The independent trunk
The independent trunk
Manging source control is a fundamental task in any software development environment. I do not claim to be anything of an expert in the area, but I have a theory for setting up the environment that Id like to share with others.
Lacking a name for it I’m going to call it The independent trunk. The idea is to have all the requirements for building the system checked in under source-control in the trunk. This includes binaries and third party components, build scripts and build tasks. While it might not sound as much of a revolutionary idea, I believe it is one take a closer look on.
**All you need to build the system, and all you need to set it up. ** A few years ago we had a release process that took hours, if not days. We had to find all the documents specifying how to install, configure and update the system we were working on at the time. We had to place all the documents in a specific release structure, together with the different parts of the system. Clients, web-pages, database scripts, all these had to manually be placed in a structure and verified for a release.
Needless to say, a release process like this costs money and if you want to release every other week it costs too much. So when starting of our current project we said that the release process had to be automated. Inspired by Mary Poppendick’s book “Implementing Lean Software Development” I created a build that we called the package build. The idea is that it takes all the parts of the system and combines them in a releasable package. This means among other things that we started to check our configuration documents into the source-control system, so that they are available for the build system to be included in the build structure.
The package build has of course evolved since then, which is another story all together, but its fundamental purpose remains the same. Important to note, however; is that all our builds can be run on a developer machine. This includes the package build. ** Your system is not only your source code.**
The system were building is not only the source-code and documents, its much more than that. It is also a product of our development and the tools and third party components that we combine our code with. This means that our system is tightly coupled with the versions of the tools and the components we build it with.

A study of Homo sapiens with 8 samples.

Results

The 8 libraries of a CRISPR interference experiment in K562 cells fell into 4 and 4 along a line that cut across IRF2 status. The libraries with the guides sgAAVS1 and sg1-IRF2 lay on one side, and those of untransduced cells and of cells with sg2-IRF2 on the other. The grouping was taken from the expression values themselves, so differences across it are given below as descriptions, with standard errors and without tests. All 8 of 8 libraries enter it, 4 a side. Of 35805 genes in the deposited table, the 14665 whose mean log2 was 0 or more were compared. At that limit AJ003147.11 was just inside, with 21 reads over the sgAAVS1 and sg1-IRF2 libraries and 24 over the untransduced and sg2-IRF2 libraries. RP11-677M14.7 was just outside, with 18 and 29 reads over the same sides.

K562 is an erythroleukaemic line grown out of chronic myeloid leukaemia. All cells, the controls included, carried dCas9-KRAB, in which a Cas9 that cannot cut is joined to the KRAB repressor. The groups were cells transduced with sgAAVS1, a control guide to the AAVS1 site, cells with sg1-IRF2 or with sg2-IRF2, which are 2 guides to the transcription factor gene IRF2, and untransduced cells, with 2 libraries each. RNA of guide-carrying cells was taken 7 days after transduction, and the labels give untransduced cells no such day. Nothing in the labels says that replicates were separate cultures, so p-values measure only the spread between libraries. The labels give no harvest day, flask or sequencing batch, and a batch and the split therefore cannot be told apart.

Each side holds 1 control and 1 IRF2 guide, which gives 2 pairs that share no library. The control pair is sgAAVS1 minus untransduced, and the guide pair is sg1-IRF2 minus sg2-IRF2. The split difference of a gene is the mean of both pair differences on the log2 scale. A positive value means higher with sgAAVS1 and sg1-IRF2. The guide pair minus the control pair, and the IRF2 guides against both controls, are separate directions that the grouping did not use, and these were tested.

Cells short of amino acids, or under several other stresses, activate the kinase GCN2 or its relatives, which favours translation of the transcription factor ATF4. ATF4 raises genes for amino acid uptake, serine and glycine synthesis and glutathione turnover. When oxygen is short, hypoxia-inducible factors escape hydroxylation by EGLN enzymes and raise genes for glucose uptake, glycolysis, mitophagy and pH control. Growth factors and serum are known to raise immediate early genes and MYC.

We started by adding third party components in a folder under the trunk called References. By placing third-party components in the source-control they don’t have to be installed on each individual developer machine, and you guarantee that each developer will use the same version of the third party component. Doing this was not straight forward to us as a team and as usual we had allot of discussions around the subject. However it turned out to be a good idea. Naturally this means that there might be some big files checked into source-control, but the benefits of having them checked in far outweighs the drawback of paying a few bits of extra storage.
Our development environment is based on Microsoft Team Foundation Server 2008. One of the new features in TFS2008 is that the build definitions can be placed in any part of the source-control, opposed to placed in the special BuildTargets directory in TFS2005. While converting to TFS2008 we placed the build definitions a part of the solution its supposed to build.
These two changes in how we use our source-control system means that; no matter what version of the system a developer wants to build, he or she can fetch it from the source-control. This results in a structure that is a ready to build using the versions of the third-party components and build scripts and setup instructions used for that specific version of the system.
This is extra use-full for someone who just received new hardware as all the have to do is make sure Visual Studio is installed, get latest and run a local Package build. Then they are up and running with the latest version of the source-code compiled and ready.